THE LAW Council of Australia has welcomed the Federal Government’s announcement that it will establish an independent body to address corruption among law enforcement officers across Australia.
The Government decided last week that there should be an independent body with the powers of a royal commission to address corruption at the federal level, should it arise.
The announcement came after ABC-TV’s Four Corners program alleged corruption had spread from state police forces to the Australian Crime Commission (ACC), itself charged with investigating organised crime and corruption.
However, the Government stressed that there was no evidence of systematic corruption within the ACC, the Australian Federal Police (AFP) or other Commonwealth law enforcement agencies.
Law Council president Bob Gotterson acknowledged that recent evidence appeared to indicate that the ACC, formerly the National Crime Authority (NCA), had “not been immune from corrupt activities involving some of its officers”.
The Royal Commissions in NSW, Queensland and WA had clearly demonstrated over the past 20 years that cases of corruption did occur, Gotterson said. “Those Royal Commissions all led to the establishment of standing anti-corruption watchdogs.”
Attorney-General Philip Ruddock and the Minister for Justice and Customs, Chris Ellison, said the Government recognised much had been done to improve the accountability and anti-corruption capabilities of both the ACC and AFP. The ACC’s anti-corruption measures included two-year postings for seconded investigators and background checking for all new staff, Ruddock and Ellison said.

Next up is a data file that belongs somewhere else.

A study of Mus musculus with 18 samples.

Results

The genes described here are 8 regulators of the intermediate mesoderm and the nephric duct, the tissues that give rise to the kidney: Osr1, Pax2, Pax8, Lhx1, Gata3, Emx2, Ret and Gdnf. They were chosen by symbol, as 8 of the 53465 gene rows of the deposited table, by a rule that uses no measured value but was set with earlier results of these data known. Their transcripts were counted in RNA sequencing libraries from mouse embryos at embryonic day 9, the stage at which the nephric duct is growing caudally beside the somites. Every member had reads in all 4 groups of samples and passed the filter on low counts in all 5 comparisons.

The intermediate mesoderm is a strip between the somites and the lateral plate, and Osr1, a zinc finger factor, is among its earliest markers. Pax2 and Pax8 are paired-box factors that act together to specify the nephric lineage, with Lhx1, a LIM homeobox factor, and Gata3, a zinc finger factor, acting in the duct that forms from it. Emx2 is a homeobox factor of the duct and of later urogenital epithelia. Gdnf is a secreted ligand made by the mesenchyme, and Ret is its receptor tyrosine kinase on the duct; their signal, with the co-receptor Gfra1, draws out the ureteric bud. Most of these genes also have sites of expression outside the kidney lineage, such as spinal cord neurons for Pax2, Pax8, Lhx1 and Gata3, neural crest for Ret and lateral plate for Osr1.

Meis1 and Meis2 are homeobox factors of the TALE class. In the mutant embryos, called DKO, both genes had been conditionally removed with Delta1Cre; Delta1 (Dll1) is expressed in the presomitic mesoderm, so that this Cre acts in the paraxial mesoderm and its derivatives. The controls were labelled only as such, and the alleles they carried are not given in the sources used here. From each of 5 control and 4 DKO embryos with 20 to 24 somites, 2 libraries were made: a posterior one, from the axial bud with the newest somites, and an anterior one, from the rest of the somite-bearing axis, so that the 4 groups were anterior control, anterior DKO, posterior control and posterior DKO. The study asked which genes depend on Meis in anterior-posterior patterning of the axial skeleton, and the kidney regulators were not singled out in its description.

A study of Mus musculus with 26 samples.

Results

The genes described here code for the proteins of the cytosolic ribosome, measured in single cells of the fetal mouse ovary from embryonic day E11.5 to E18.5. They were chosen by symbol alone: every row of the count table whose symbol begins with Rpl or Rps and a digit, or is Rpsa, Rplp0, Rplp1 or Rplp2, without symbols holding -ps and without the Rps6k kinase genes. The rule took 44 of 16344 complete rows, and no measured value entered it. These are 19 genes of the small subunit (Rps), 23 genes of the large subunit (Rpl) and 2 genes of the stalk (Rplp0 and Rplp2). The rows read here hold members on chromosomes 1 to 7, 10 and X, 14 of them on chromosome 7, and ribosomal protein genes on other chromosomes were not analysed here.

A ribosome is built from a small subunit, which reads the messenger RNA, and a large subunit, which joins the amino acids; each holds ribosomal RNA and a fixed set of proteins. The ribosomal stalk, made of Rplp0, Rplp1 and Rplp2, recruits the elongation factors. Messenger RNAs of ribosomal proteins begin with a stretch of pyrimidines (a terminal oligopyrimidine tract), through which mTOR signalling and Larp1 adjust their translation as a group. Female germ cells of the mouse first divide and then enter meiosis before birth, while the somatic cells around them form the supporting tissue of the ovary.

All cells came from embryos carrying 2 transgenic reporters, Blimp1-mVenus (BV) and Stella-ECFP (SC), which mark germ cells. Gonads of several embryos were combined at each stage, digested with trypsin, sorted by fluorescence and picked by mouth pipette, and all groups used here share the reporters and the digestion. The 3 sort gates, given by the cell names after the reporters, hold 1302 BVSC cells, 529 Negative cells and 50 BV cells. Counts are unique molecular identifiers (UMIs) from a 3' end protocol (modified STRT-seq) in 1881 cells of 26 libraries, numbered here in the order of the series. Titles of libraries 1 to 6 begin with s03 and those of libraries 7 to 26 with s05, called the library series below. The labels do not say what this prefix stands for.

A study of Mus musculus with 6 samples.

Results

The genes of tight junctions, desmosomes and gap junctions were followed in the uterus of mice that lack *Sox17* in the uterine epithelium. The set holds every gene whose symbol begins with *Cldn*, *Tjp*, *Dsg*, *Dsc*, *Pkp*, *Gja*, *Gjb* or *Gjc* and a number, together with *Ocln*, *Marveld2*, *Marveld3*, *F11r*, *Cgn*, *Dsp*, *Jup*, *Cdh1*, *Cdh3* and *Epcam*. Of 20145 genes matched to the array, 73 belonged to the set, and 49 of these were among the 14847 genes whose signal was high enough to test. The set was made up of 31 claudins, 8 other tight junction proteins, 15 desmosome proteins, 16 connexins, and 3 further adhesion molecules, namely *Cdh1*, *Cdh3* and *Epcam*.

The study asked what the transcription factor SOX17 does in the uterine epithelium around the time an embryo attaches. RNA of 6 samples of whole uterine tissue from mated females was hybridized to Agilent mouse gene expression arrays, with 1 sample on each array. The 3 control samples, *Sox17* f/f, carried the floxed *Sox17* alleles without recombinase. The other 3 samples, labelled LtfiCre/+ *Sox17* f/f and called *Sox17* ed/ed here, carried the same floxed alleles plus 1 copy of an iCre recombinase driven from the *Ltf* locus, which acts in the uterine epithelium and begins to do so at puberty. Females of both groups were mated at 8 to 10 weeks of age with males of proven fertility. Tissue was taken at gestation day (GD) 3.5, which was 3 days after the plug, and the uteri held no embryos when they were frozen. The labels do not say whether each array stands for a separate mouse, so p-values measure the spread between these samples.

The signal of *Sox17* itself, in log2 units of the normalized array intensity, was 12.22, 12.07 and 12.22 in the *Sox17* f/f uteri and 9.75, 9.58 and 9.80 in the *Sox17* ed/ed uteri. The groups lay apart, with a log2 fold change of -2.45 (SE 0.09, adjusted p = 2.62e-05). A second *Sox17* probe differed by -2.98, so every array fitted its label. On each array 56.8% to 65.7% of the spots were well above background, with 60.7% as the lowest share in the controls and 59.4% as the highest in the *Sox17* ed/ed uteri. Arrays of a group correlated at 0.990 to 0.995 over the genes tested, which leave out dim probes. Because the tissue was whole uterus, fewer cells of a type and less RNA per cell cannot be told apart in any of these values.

Although the exact form of the independent body had not yet been determined, its powers will include telephone intercept and surveillance powers. It will examine allegations of corruption involving the operations of ACC and AFP officers.
It is essential that the high standards of these groups are maintained, Law Council president Gotterson said. “The community reasonably expects the very highest standards of ethical conduct from law enforcement agencies.”
A well-resourced watchdog would enhance the integrity of the ACC and AFP, Gotterson said. Additionally, it would “improve public confidence in their ethical standards”.